Access to private hospitals is clearly where Australians see value in maintaining their private health insurance, with increasing numbers of people putting their insurance to use, according to the latest data.
The Australian Prudential Regulation Authority (APRA) data released today shows the trend of Australians using their private health insurance continues to increase – which it has done since mid-2000.
Australian Private Hospitals Association CEO Mr Michael Roff said despite private health insurance membership remaining static, episodes of care have increased, because Australians value private hospitals.
“It is clear from these numbers that Australians place a high value on the fast access to high quality care provided by private hospitals,” Mr Roff said.
He said a concerning aspect of the APRA data was the big jump (12 percent in just three months) in cheap, low-value policies that exclude certain services.
“Australians are being encouraged to take out low-value, high exclusion products to keep their premiums low, but they may not be aware this also reduces their access to care when they need it. The problem is we just don’t know which services are being excluded.”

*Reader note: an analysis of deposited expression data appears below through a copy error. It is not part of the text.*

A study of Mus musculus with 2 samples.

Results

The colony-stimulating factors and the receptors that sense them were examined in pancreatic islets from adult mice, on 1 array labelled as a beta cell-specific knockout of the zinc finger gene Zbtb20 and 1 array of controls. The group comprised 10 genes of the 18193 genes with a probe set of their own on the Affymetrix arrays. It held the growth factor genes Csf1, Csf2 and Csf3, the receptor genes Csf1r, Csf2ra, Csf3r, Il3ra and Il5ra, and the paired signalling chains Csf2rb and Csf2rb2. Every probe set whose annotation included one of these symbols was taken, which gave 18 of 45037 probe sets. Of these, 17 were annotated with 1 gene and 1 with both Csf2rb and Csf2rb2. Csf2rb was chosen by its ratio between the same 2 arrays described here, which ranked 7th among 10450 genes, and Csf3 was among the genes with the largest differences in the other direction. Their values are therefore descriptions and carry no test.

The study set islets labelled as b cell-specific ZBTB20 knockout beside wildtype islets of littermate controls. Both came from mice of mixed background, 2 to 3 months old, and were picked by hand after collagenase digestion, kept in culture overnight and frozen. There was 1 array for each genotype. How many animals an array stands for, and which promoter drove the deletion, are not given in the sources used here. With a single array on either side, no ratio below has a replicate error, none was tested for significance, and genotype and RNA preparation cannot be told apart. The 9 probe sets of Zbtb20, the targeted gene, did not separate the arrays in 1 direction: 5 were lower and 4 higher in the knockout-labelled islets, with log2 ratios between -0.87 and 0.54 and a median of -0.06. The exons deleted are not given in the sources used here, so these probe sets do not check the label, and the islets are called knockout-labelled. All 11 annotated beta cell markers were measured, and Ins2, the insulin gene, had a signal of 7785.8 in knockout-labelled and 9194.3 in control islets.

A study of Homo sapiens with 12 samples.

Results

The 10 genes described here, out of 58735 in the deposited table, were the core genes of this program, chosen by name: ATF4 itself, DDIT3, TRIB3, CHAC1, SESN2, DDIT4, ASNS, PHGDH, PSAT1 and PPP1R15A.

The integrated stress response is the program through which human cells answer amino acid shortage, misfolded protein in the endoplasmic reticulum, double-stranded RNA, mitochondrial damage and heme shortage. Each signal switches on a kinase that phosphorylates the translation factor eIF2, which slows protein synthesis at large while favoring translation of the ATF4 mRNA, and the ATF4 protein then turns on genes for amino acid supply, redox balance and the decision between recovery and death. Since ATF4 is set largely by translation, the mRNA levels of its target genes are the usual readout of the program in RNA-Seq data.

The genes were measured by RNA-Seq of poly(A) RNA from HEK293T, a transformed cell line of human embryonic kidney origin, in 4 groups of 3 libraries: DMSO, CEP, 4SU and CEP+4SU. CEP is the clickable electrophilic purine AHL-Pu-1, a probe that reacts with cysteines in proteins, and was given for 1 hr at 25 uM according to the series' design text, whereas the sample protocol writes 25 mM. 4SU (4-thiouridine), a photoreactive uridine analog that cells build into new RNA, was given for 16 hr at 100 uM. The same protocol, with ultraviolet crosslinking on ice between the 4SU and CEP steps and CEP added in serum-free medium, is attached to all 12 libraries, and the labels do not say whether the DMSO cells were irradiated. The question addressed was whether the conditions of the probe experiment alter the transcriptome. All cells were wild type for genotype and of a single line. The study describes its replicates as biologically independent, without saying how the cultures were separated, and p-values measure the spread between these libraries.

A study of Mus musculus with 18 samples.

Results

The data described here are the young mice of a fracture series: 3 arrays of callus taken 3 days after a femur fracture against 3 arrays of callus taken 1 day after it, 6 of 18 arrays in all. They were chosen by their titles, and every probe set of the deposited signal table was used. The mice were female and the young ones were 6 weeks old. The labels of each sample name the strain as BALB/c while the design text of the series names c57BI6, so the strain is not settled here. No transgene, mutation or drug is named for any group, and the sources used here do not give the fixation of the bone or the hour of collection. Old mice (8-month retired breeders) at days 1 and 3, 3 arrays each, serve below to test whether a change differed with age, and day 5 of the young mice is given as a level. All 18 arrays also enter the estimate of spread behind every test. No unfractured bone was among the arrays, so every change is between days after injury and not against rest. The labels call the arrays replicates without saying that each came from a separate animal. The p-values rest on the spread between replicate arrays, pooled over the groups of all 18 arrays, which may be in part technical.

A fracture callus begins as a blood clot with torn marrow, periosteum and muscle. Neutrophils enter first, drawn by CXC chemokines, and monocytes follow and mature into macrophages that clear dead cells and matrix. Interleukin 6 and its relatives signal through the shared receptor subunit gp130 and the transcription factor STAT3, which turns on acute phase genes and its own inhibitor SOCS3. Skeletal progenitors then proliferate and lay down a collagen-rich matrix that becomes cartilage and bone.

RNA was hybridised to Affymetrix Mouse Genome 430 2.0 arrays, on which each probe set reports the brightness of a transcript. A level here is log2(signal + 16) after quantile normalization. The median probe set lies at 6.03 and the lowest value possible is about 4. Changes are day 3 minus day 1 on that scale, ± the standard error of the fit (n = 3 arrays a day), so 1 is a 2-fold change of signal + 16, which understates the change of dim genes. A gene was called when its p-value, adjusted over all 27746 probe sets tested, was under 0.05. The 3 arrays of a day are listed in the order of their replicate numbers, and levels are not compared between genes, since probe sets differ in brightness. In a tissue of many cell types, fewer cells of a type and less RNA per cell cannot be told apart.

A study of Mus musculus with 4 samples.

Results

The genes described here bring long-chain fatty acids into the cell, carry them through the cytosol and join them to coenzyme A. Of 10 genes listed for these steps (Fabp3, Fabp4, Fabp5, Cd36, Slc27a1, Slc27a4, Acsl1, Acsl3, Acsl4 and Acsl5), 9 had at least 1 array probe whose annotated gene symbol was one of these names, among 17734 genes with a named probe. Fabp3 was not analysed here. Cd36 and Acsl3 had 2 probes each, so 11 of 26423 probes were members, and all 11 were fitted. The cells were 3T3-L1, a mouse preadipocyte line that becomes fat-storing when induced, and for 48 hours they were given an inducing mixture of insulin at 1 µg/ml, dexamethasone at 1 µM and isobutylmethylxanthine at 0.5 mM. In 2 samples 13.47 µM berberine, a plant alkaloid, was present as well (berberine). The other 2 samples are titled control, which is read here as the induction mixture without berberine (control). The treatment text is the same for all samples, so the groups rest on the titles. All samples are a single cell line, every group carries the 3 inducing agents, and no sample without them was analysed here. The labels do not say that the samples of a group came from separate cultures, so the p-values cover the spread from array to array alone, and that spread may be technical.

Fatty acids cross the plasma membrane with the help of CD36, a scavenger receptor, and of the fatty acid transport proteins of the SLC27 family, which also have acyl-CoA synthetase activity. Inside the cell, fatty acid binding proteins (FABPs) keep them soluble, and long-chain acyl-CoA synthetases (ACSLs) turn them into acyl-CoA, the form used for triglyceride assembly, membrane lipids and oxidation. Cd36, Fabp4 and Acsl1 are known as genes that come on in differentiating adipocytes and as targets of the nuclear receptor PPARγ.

Mr Roff said the numbers show the Federal Government’s reforms to private health insurance cannot come soon enough.
“By 2020 all private health insurance products are moving to the Gold, Silver, Bronze, Basic product categories, the transition period for this begins in April next year.
“APHA has long campaigned for private health insurance that is easy to understand and compare. When Australians can see clearly that, for example, their cataract surgery is only covered in the Gold category and their current insurance is Silver, then they can make an informed choice to change their cover.
“This is a much better situation than the current one where private hospitals have to tell vulnerable patients their insurance does not cover them for the procedure they need.
“But until the reforms are implemented, people need to be very careful about which services are excluded, and they should review their policy to ensure they are covered for services they might need in a private hospital, and not just take what their health fund or a website tells them is a cheaper policy,” Mr Roff said.